Mike and Heather Nichting, along with club pro Mark Deridder. (Photo provided)

Mike and Heather Nichting, along with club pro Mark Deridder. (Photo provided)

Pittsford Digital Golf credits private club atmosphere for steady growth in memberships


For that matter, there isn’t even a maintenance staff.

Instead, Pittsford Digital Golf is attracting members from many of the area’s premier clubs by providing a simulated manner in which to play top courses from across the country – even if it’s raining or snowing.

Launched in October of 2021, growth for Pittsford Digital Golf at 3750 Monroe Ave. has been steady for the husband-and-wife ownership team of Heather and Mike Nichting. The lure, they say: a club atmosphere.

Members are free to come and go whenever the mood to play strikes them, and they have access to on-site storage space for their golf clubs and shoes.

While several businesses feature golf simulators, Mike Nichting said Pittsford Digital Golf may be the country’s first venture catering only to members.

“The recent surge in simulators across town has actually worked in our favor,” he said. “It has increased the visibility of indoor golf, ultimately benefiting us. Our unique model, though, ensures that for the right person who is seeking a private club experience, we face no direct competition.”

The idea for the business grew out of winter boredom experienced by Nichting and his wife, who are members of an area club. It’s pretty tough to golf in January in Rochester, so they were searching for a recreational activity to fill the void.

“Heather and I enjoy playing golf, but in the winter we always felt cooped up and missing the social aspect of the game,” he said. “We explored the idea of installing a golf simulator at home, but we determined that if we wanted to do it right, we didn’t have the space or budget. On top of that, the social aspect would still be missing.”

Sure, they could frequent existing facilities that featured simulators, but he said those locales “didn’t offer the comfort and flexibility we wanted. And it really wasn’t the environment we were seeking because we didn’t want a lot of noise and didn’t want to feel obligated to order food and drinks every time we played.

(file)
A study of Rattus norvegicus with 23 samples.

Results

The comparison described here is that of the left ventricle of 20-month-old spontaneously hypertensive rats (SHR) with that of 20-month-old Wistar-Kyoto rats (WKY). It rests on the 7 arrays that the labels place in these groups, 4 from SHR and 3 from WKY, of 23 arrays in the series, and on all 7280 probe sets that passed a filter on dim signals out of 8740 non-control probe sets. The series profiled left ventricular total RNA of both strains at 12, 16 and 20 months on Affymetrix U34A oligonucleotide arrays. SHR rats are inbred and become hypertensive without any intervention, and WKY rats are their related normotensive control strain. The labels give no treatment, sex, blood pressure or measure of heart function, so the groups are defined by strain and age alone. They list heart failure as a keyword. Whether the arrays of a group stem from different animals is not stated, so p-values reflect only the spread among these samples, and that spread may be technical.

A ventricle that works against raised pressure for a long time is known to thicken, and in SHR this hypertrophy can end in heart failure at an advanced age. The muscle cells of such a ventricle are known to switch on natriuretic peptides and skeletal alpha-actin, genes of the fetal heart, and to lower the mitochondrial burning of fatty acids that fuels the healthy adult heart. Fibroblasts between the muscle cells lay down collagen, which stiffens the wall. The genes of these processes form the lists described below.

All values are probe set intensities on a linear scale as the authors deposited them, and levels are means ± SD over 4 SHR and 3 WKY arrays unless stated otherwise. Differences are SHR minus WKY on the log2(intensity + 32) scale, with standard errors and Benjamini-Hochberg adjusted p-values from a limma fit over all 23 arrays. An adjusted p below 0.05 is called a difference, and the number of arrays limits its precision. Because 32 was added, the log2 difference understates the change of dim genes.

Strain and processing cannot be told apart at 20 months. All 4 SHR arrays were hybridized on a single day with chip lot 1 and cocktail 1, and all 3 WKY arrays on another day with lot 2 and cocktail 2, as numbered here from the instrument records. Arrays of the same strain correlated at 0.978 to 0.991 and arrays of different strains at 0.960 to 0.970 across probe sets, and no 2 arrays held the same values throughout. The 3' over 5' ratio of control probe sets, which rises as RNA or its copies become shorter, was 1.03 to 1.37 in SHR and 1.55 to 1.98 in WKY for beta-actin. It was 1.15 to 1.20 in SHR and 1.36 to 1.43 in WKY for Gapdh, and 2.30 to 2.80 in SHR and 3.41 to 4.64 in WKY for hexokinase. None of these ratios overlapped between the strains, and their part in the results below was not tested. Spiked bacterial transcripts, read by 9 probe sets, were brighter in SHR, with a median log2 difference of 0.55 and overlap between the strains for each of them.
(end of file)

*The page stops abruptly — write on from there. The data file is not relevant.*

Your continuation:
“What we were looking for was a cozy place, like an extension of our home, where we could connect with fellow golfers, play pick-up games, compete in winter tournaments, take lessons, and store our clubs.”

Since said facility didn’t exist, Pittsford Digital Golf was born. Members pay an annual fee, there are no dues and there is a club pro on site to give lessons, set up tournaments and oversee the golfing side of operations.

Mark Deridder, PGA professional who manages golf at Durand Eastman during the golfing season, is the pro at Pittsford Digital Golf during his offseason.

“We ran an ad with the RDGA (Rochester District Golf Association) looking for somebody to run the place and ended up having a lot of pros apply,” Nichting said. “Mark was a real find for us.”

The facility features four simulators, and members can choose from around 80 courses to play, including Pebble Beach, St. Andrews Old Course, Hazeltine National, Bethpage Black and the Ocean Course at Kiawah Island. There’s even Marco Simone in Rome, site of the 2023 Ryder Cup.

The simulators also included the Destination Kohler collection of courses in Wisconsin.

Simulator view of Blackwolf Run in Wisconsin. (Image provided)

“Some of our members were playing those courses all winter and actually decided to go to Wisconsin to play them,” Nichting said.

What also distinguishes Pittsford Digital Golf from other operations, including actual country clubs: Alcoholic beverages are not served, even though the minimum membership age is 21.

While denying themselves a common revenue stream seems counterintuitive to success, Nichting said the policy has served them well.

“In a world where golf and alcohol often go hand in hand, we initially worried this rule might deter potential members,” he admitted. “We spent some sleepless nights wondering if we made the right decision.

“(But) we have discovered that most of our members appreciate the atmosphere this policy creates and would not want this rule changed.”

The club also serves as a date night destination.

“People like to join with a friend or a spouse,” Nichting said. “We’re actually very surprised by the number of couples that have joined.”